The consequences of extreme weather are cascading around the globe, hitting rich and poor alike – yet finance to build resilience to these impacts is falling woefully short
Between April 11-12, a year’s worth of rain fell on KwaZulu-Natal and the Eastern Cape in South Africa, leaving 400 dead and a trail of destruction in its wake. Six hundred schools were closed, 40,000 people evacuated and the country’s main port was shuttered, all leaving a clean-up bill of around $1.57 billion.
Three elements stand out in the aftermath.
One, scientists are clear that climate change made those floods twice as likely as before, such was the weight and intensity of the rain. Two, it’s key to have infrastructure that can hold up to extreme weather, as well as systems to warn people early so they can get to safety: neither seems to have been in place in KwaZulu-Natal province. Three, this was a local event with global implications – closing a key port and shutting down a major supply chain route for a week.
The obvious conclusion is that countries need to work together collectively to reduce the global greenhouse gas levels driving extreme weather events. But another conclusion is increasingly obvious too: poorer countries share climate risks with richer countries, and richer countries share climate risks with poorer ones.
From crops like maize, rice, wheat and soy to equipment for machinery, transport and minerals, supply chains run across sectors and the globe. When the floods damaged the port of Durban, one of the companies forced to suspend operations was Danish – shipping giant Maersk. With 20% of total Africa-China trade going out from the port in Durban, the problems there meant Zimbabwe and the Republic of Congo were waiting for their cobalt, copper and lithium exports to leave the port, while China was waiting for these imports to arrive.
In the past year, extreme storms and brutal heatwaves have hit poor and vulnerable countries like Madagascar, Mozambique and Malawi, middle-income countries like South Africa, India and the Philippines, and wealthy nations such as Germany, Canada and the United States. The effects and consequences of these events have cascaded around the globe.
The 2021 flooding in the Canadian province of British Columbia disrupted roads and railways in Vancouver, but it also delayed freight destined for the port there, Canada’s gateway to Asia. The recent heatwave in India dimmed prospects for the wheat harvest and pushed up prices on the domestic market, leading the government to restrict exports. Asian neighbours that import wheat from India started scrambling for alternatives on a market already upset by the fallout from Russia’s war on major wheat producer Ukraine.
High levels of warming would hit major economies hard: to dwindle by 36% in the United States by 2100, 42% in China and 92% in India if emissions are high. Impacts would ripple across the globe. If climate change reduces the yield of maize in its biggest producing country, the United States, by as much as 45.5% by the end of the century, consumers in Costa Rica, Jamaica and Japan who depend on these maize imports would all feel the hit.
As record-shattering extreme weather events become ever more probable, poor and vulnerable people and nations will continue to pay the highest price. If we don’t act, the ones that have done the least to cause the climate crisis will lose the most lives per capita, and their roads and buildings will be most destroyed.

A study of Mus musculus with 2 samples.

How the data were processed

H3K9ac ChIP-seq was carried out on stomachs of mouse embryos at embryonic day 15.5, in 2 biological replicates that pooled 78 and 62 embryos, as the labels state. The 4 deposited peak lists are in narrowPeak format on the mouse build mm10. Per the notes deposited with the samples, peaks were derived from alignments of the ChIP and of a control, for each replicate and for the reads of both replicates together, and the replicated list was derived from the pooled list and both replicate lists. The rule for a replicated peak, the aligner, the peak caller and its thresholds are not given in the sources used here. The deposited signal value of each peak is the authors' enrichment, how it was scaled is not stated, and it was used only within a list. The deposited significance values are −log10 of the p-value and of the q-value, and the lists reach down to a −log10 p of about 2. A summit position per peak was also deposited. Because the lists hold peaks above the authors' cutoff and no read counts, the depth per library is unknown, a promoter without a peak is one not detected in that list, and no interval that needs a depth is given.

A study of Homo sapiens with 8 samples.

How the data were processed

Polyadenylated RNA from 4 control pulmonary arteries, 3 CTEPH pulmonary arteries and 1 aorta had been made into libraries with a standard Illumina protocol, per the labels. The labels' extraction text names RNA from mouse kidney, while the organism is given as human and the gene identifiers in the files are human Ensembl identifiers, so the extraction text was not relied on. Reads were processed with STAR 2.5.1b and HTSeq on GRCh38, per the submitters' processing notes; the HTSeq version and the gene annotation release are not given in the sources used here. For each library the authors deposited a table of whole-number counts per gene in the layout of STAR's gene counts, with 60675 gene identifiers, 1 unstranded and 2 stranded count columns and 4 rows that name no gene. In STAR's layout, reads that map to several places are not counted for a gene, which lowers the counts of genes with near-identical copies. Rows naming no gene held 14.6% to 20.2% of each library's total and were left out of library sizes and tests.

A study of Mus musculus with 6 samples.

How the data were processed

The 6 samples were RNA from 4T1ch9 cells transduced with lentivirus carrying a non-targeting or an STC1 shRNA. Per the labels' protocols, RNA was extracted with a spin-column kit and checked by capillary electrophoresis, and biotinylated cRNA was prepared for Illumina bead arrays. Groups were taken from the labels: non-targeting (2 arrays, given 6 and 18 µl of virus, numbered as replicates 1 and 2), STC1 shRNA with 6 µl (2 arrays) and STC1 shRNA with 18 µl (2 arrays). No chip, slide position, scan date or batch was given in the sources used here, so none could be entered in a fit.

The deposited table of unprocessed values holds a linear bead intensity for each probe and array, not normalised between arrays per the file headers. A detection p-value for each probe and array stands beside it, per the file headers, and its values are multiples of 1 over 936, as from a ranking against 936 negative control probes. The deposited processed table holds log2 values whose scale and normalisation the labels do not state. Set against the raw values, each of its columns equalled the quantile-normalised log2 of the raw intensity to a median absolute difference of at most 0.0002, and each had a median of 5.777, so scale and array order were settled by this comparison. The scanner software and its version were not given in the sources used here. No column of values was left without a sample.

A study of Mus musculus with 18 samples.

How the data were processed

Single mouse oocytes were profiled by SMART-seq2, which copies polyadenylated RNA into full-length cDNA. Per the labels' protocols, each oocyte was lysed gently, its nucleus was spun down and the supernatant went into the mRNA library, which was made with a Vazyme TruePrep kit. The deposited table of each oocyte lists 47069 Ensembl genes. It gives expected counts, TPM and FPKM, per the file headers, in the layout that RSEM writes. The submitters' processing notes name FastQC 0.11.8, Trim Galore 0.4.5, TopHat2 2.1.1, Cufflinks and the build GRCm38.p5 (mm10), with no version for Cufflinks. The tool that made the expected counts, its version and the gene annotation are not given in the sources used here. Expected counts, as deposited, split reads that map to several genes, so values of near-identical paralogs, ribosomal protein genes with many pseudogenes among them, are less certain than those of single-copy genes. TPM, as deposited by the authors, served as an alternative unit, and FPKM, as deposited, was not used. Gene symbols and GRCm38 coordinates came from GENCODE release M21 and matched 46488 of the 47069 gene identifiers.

The U.N.-led effort to protect everyone on Earth with early warning systems within the next five years is an important step towards saving lives. The “global shield against climate risks” that G7 development ministers committed to recently should mean that insurance will start covering the financial costs of the poor at highest physical climate risk. The G7 climate and environment ministers are also on the right track, pledging “enhancing adaptation efforts while urgently reducing emissions”.
But the scale of action needs to dramatically increase. Adaptation finance was estimated at roughly $20 billion per year in 2019. A doubling of commitments, as agreed in the Glasgow Climate Pact, and reiterated by G7 foreign ministers, would bring adaptation finance into the vicinity of $40 billion.
At this rate, we will fall woefully short of what the latest science tell us adaptation will cost. Median values for cost estimates stand at $127 billion in 2030 and $295 billion in 2050. It sounds big, but for comparison, fossil fuel subsidies estimated by the International Energy Agency stood at $440 billion in 2021.
Political leaders must step up to advance resilience, first by acknowledging that extreme weather events and direct climate risks are hitting harder and more often. Secondly, they should own up to the fact that adaptation is what the Paris Agreement says it is: a global challenge and necessity. Third, they need to use established and new forms and forums of international cooperation to manage the increasing climate risk we all share – with a focus on providing additional finance dedicated to adaptation.
As leaders prepare for the G7 summit in Germany later this month, we need these global leaders of the wealthiest nations to actually lead globally, together.
Richard Klein leads work on international climate risk and adaptation at the Stockholm Environment Institute and has been involved in the Intergovernmental Panel on Climate Change since 1994.
Tabea Lissner is head of adaptation and vulnerability at Climate Analytics and was a Working Group II lead author for the IPCC Sixth Assessment Report.
Any views expressed in this opinion piece are those of the author and not of Thomson Reuters Foundation.